Facilities - Autumn in London
Classes for the Autumn in London program are held at Faraday House, 48-51 Old Gloucester Street, London, in the heart of the Bloomsbury District. It is within three minutes' walk of the Holborn tube station as well as within walking distance of the student housing at Byng Place. Faraday House has a variety of classrooms, an auditorium, a student lounge, and faculty and program offices.
Bloomsbury has been described as "The Oxford of London." It is the intellectual center of the city, home to the University of London, the British Museum, and dozens of bookstores. It is both a vibrant center of student activity and a quiet place for studious reflection. As students, you may join the Student Union at the University of London and participate in the many social and educational activities, as well as obtain inexpensive meals and enjoy the atmosphere of the University student pubs. With a student body of over 40,000, the University of London provides a wide variety of resources to students. The British Museum is of course one of the world's outstanding museums. Perhaps its most famous acquisition is the Rosetta stone, written in Greek and two forms of ancient Egyptian script. The controversial Elgin Marbles, sculptures from the Parthenon and the Erechtheum, are the heart of the Museum's Greek and Roman Antiquities collection. Other treasures of the Museum include two copies of the original Magna Carta, a Gutenberg Bible, the 15th century Canterbury Tales and Shakespeare's First Folio.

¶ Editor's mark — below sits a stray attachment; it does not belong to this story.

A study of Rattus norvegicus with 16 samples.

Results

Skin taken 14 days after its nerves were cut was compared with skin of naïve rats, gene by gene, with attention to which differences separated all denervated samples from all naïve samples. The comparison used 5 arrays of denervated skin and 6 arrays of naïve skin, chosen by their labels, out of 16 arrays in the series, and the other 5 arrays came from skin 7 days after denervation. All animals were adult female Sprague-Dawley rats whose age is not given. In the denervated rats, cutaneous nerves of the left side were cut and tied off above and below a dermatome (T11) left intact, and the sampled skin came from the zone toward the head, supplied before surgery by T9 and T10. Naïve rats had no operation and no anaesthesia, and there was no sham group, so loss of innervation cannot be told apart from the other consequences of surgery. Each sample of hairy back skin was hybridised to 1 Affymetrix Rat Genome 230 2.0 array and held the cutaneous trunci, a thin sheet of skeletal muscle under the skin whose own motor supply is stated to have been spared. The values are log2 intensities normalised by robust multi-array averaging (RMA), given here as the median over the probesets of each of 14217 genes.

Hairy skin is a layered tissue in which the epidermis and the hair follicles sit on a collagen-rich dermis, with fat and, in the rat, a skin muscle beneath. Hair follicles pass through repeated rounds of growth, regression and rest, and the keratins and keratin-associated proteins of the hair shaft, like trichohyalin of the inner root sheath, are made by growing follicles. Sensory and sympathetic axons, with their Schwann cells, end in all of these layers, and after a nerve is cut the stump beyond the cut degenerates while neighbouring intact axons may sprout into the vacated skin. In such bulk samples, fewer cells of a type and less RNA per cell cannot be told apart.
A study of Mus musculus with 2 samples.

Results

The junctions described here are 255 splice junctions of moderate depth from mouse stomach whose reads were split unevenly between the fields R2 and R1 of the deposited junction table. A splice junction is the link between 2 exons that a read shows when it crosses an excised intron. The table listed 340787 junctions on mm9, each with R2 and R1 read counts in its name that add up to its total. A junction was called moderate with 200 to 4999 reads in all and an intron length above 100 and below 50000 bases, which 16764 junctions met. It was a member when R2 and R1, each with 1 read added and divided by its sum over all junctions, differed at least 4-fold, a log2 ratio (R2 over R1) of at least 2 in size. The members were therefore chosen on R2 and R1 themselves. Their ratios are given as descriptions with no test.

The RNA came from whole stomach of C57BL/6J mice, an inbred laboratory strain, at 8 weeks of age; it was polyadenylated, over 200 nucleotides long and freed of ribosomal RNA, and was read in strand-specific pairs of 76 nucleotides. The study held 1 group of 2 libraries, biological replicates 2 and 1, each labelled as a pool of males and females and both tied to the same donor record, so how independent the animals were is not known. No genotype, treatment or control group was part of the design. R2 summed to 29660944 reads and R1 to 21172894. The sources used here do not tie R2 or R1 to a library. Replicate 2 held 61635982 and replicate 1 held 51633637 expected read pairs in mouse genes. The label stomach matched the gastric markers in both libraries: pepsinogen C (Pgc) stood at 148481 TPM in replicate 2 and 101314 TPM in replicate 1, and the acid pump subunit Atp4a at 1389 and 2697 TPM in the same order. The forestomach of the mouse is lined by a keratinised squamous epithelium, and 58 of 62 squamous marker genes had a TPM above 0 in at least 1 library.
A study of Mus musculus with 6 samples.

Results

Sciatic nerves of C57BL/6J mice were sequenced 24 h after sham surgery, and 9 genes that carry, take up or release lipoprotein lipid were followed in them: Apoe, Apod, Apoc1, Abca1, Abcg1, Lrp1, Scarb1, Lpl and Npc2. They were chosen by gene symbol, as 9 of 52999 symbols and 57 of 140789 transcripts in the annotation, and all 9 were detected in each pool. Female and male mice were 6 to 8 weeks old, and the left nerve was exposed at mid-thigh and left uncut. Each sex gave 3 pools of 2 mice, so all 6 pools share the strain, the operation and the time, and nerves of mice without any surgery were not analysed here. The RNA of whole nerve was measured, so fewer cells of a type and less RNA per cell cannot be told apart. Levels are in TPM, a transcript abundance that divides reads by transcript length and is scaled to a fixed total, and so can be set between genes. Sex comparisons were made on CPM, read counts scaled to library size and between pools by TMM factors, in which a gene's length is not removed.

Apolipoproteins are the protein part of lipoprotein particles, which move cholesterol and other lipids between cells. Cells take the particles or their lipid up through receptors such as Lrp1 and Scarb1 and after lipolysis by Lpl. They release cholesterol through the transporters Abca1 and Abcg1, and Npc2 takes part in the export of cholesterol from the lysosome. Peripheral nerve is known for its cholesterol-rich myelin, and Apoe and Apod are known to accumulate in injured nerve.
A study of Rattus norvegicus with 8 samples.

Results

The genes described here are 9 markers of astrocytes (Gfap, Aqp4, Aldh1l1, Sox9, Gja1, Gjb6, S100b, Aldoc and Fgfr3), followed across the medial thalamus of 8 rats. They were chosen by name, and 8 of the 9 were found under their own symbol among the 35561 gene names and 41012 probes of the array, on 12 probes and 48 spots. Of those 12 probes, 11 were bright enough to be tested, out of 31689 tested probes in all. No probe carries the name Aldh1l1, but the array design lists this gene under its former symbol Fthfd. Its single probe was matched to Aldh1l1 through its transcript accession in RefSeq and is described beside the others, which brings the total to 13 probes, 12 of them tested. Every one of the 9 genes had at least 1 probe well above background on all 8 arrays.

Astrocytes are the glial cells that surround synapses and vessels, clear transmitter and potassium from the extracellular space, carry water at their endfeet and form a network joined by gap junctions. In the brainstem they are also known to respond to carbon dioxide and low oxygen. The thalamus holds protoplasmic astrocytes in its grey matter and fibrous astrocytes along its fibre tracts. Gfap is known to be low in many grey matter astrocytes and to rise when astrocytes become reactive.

The area, also known as Russell Square, is full of interesting pubs, such as the Plough, the Lamb and the British Museum Pub. The area is within easy walking distance to most of London's major attractions, including the theatre district, Picadilly Circus and Trafalgar Square. It is well served by public transportation. The Tottenham Court underground stop is two short blocks from the FSU Study Center and there are numerous bus lines serving the area.
In addition to its current attractions, Bloomsbury has considerable historical and literary significance. Charles Dickens lived and wrote in the area. In the 1920s, Bloomsbury was home to the famous Bloomsbury group, an association of writers including Virginia Woolf, E.M. Forester, and John Maynard Keynes. Karl Marx wrote Das Kapital at the British Museum library.